According to the report, in the past few days Israel has intentionally targeted financial institutions in Beirut and other cities throughout Lebanon, among them Tyre, Sidon and Nabatiyeh.
Israeli intelligence sources told NBC that at least 12 financial institutions that supported Hizbullah were attacked, adding that the organization, which secretly managed its funds, is now short on cash due to the bombings.
Some of the banks that held Hizbullah accounts were completely destroyed, while others were purposely damaged but not completely demolished.
NBC said that in one incident the Israeli Air Force bombed the home of a bank manager as a warning to other Lebanese bankers not to deal with Hizbullah.
Counter-Terror Bureau Director Dani Balilti told NBC that the message to all banks in Lebanon was that aid to Hizbullah is aid to a terror organization.
He said Israel knew they needed money and were desperate for cash, but that they didn't have it.
The Israeli Air Force targeted, among others, eight offices named Bet El Mal used by Hizbullah to store the organization's money. Two other banks in Lebanon were hit – Al Baraka and Fransa Bank, used by Hizbullah to transfer money around the world.
Banks: We have no ties with Hizbullah
The NBC network turned to the Baraka bank, which confirmed that one of its branches had been bombed, and that nearby bank branches were also bombed.
It was also reported Israel warned a third bank, the Middle East and Africa Bank (MEAB), that it too was in the crosshairs.
All banks denied any ties to Hizbullah. The director-general of the Fransa-Bank said that his bank had no ties to Hizbullah or any other political party.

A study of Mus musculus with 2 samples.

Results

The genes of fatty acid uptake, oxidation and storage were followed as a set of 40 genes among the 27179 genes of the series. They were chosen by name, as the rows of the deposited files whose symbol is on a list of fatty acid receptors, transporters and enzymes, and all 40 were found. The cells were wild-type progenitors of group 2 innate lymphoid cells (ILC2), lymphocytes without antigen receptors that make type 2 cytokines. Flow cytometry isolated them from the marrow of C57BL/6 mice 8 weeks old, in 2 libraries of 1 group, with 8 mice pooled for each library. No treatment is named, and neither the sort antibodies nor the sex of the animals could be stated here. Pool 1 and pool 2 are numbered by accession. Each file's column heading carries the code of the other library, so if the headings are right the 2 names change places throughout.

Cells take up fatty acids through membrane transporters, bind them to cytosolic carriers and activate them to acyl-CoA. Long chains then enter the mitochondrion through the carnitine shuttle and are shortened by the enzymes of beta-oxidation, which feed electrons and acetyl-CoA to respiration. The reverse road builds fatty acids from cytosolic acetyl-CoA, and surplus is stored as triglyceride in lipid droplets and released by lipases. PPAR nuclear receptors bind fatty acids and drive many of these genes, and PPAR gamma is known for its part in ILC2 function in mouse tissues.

The manager of the MEAB said that someone had tried to open a suspicious account at the bank, but that it refused to accept the money and fired a worker who was involved in the attempted deposit.
Despite the denials however, it turns out that the Lebanese bank was after all tied to terror.
Last week Hizbullah's television station al-Manar held a fund raising campaign, and in advertisements a MEAB account was given.
An Arabic-speaking producer of NBC called the bank in Beirut and asked to transfer a donation to Hizbullah. He was told he could transfer the money via any American bank branch, but that it was best he not say the money was destined for Hizbullah.
The MEAB held ties with American bank Wachovia. Following questions by NBC, the American bank immediately notified its cutting of all connections with the Arab bank.
NBC called the number displayed on the al-Manar advertisement. This time they were transferred to another bank, the Lebanese-French bank.
This bank has two connections with large banks in New York: Citibank and the Bank of New York. Representatives of the banks said they are blocking the transfer of all money meant for Hizbullah.